No, Thank You -- Don't Come Again
Moqtada al-Sadr, who is either the sharpest thorn in the side of U.S. forces in Iraq or the linchpin of an Iraqi parliament frequently on the verge of coming apart — or both — has ordered his followers not to attack U.S. troops in order to make sure the occupiers leave as quickly as possible.
The U.S. military is officially unwelcome in Iraq after Dec. 31, but there are negotiations aimed at allowing some troops to remain for an additional period. If that happens, al-Sadr says his “military operations will be resumed in a new and tougher way.”
In a statement posted on his website, the Shia cleric tells his militias to halt attacks until the US withdrawal is finished at the end of the year as required under a security agreement between Washington and Baghdad.
“Out of my desire to complete Iraq’s independence and to finish the withdrawal of the occupation forces from our holy lands, I am obliged to halt military operations of the honest Iraqi resistance until the withdrawal of the occupation forces is complete,” al-Sadr said in the statement, posted on Saturday night. Sadrist lawmaker Mushraq Naji confirmed the statement on Sunday.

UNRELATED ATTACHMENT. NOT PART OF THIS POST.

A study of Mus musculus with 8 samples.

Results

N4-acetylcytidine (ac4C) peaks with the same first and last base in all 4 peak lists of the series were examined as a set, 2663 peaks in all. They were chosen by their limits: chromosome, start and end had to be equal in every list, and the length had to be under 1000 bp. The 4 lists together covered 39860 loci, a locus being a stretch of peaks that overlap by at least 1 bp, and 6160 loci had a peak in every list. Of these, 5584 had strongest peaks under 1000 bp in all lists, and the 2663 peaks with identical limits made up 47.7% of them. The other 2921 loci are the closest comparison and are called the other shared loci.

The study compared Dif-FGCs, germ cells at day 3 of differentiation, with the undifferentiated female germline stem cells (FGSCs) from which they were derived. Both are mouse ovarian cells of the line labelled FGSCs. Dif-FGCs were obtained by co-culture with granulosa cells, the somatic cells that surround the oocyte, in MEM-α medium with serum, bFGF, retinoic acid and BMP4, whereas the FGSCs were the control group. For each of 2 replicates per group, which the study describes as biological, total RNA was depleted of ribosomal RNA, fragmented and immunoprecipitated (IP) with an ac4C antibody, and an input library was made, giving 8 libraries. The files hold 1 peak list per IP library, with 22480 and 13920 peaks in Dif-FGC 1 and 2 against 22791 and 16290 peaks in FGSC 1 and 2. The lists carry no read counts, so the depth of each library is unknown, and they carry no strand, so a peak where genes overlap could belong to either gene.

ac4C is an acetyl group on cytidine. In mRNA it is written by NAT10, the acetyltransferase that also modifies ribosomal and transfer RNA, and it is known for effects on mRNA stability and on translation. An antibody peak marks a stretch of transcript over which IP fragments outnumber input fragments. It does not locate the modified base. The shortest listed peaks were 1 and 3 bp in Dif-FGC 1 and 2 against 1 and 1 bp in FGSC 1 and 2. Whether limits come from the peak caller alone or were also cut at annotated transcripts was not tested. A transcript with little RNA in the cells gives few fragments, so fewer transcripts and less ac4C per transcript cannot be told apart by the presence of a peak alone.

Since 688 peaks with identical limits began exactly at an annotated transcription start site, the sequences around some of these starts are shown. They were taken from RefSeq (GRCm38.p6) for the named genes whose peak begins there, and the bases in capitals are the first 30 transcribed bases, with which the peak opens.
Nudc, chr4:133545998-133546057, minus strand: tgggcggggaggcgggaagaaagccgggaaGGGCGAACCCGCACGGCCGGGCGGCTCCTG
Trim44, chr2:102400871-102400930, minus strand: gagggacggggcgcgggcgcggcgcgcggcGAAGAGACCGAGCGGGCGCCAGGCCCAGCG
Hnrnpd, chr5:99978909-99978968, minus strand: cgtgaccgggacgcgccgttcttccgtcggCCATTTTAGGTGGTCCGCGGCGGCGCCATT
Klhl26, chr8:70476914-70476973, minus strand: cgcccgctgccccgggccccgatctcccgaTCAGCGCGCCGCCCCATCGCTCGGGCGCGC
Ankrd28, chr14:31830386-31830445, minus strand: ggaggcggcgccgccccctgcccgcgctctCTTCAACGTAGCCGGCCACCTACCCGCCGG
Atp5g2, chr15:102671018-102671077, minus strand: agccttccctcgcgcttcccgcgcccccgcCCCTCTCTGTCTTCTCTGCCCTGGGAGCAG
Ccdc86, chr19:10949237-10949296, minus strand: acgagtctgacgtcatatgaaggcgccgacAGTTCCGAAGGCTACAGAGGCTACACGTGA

However, al-Sadr warned that “if the withdrawal doesn’t happen … the military operations will be resumed in a new and tougher way.” The statement followed last week’s announcement by US officials in Baghdad of the start of the withdrawal of some 45,000 US military personnel from Iraq. However, US and Iraqi leaders are considering whether some American troops should remain past the 31 December deadline as Baghdad continues to struggle with instability and burgeoning influence from Iran. Last month, Iraqi leaders began negotiating with US officials to keep at least several thousand troops in Iraq to continue training the nation’s shaky security forces.